Polycystic ovary syndrome (PCOS) is a common hormonal disorder affecting women of reproductive age. It is characterized by multiple small cysts in the ovaries, irregular menstrual periods, and high levels of male hormones. Women with PCOS are at higher risk of developing hypothyroidism, a condition in which the thyroid gland doesn't produce enough hormones. Both PCOS and hypothyroidism are associated with adverse pregnancy outcomes, but the interaction between these conditions during pregnancy is not well understood.
A recent clinical trial investigated the thyroid status and its association with pregnancy complications in women with PCOS, and in relation to metformin treatment. Metformin is a drug commonly used to treat PCOS, as it can improve insulin resistance and lower blood sugar levels.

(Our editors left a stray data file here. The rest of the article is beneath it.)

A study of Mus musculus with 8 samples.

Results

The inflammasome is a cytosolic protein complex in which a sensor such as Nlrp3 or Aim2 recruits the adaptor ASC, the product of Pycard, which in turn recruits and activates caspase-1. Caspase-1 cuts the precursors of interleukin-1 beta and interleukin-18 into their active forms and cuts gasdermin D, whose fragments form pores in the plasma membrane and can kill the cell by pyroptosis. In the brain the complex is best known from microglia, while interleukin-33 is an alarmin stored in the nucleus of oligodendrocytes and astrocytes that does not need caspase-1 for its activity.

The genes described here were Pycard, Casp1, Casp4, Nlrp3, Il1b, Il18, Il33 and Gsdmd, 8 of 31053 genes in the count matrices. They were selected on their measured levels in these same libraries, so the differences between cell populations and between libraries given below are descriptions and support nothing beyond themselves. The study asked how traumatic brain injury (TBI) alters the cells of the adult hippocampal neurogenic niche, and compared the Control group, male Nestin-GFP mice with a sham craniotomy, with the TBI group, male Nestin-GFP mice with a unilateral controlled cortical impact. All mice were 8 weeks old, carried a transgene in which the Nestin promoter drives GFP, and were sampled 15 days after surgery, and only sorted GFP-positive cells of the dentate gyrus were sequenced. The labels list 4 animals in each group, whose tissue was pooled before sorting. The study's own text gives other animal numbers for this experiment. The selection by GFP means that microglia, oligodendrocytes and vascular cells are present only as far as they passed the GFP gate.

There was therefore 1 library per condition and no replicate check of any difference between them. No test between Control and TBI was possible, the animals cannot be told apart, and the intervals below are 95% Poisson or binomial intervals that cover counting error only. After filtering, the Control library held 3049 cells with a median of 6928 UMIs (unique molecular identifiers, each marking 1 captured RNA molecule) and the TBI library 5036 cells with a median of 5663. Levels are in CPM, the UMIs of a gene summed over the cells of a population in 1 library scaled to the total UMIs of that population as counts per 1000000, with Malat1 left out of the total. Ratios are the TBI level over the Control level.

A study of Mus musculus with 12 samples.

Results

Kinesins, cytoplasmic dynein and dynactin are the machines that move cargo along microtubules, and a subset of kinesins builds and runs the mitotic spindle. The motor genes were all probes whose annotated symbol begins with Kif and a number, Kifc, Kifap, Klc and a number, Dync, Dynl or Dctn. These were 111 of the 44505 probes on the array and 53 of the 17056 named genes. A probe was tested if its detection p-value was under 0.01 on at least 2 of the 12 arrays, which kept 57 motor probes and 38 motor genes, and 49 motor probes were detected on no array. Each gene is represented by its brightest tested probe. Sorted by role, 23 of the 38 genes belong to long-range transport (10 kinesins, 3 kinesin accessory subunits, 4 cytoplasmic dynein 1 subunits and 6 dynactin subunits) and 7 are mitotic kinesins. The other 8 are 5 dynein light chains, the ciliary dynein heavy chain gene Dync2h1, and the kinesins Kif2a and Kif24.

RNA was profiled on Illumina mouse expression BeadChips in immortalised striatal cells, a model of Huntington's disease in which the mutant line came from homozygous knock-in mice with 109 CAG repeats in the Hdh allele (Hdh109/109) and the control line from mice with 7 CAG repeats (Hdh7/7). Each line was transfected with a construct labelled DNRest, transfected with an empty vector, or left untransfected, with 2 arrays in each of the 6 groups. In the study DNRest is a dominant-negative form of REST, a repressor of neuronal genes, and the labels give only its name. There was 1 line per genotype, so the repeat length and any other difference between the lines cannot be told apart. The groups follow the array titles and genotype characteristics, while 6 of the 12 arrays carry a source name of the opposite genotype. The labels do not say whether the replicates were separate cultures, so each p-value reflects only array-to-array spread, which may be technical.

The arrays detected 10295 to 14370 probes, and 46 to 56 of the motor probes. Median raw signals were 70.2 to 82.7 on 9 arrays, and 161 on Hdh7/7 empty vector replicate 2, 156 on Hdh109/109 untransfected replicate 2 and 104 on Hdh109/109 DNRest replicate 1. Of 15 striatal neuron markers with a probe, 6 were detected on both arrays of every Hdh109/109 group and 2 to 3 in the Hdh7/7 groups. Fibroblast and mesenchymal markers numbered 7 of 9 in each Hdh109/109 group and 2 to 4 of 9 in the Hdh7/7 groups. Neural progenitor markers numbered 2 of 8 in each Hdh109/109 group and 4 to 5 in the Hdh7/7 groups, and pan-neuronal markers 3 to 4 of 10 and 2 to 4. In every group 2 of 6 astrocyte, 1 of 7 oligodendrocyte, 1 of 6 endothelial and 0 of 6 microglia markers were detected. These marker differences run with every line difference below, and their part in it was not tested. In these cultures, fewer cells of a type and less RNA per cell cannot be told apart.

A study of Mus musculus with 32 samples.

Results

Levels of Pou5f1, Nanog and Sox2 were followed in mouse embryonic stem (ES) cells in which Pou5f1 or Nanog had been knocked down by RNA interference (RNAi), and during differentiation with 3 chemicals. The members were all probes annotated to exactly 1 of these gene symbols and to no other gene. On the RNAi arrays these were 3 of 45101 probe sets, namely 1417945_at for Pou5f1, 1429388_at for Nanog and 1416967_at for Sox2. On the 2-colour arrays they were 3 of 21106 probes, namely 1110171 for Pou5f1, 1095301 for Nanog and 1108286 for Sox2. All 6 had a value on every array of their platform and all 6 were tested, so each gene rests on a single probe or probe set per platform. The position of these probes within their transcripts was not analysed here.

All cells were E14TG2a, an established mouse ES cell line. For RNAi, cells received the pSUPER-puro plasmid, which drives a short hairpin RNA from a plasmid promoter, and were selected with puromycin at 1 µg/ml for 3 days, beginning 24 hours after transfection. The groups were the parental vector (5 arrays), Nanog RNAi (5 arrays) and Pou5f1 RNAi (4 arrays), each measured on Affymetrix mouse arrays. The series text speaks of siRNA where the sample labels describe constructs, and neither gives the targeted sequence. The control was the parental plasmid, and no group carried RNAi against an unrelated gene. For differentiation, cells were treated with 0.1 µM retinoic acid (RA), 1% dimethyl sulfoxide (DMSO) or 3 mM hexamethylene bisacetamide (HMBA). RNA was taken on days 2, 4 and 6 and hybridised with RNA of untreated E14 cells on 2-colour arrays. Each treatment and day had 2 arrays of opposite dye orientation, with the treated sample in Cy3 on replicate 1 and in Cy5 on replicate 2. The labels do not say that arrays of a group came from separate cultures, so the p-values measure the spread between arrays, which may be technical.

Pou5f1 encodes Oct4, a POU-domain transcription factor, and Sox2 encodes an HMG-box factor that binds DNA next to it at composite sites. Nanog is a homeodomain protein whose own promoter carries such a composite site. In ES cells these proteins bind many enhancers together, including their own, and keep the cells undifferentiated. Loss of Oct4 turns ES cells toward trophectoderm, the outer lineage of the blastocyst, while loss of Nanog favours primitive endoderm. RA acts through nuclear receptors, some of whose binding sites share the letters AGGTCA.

The study involved 288 pregnant women with PCOS who were randomized to treatment with metformin or a placebo from the first trimester to delivery. The researchers measured serum levels of thyroid stimulating hormone (TSH) and free thyroxine (fT4) at several points during pregnancy and related them to metformin treatment and pregnancy complications. They also analyzed thyroid peroxidase antibodies (TPO-ab) at inclusion and at gestational week 36.
The results showed that the overall prevalence of subclinical and overt hypothyroidism was low, with 1.5% and 0% of the participants affected, respectively. The TSH level was not affected by metformin, but fT4 was significantly higher in the metformin group, with less decrease throughout pregnancy compared to the placebo group. This suggests that metformin treatment during pregnancy was associated with less decrease in fT4 compared to placebo, while it did not affect TSH.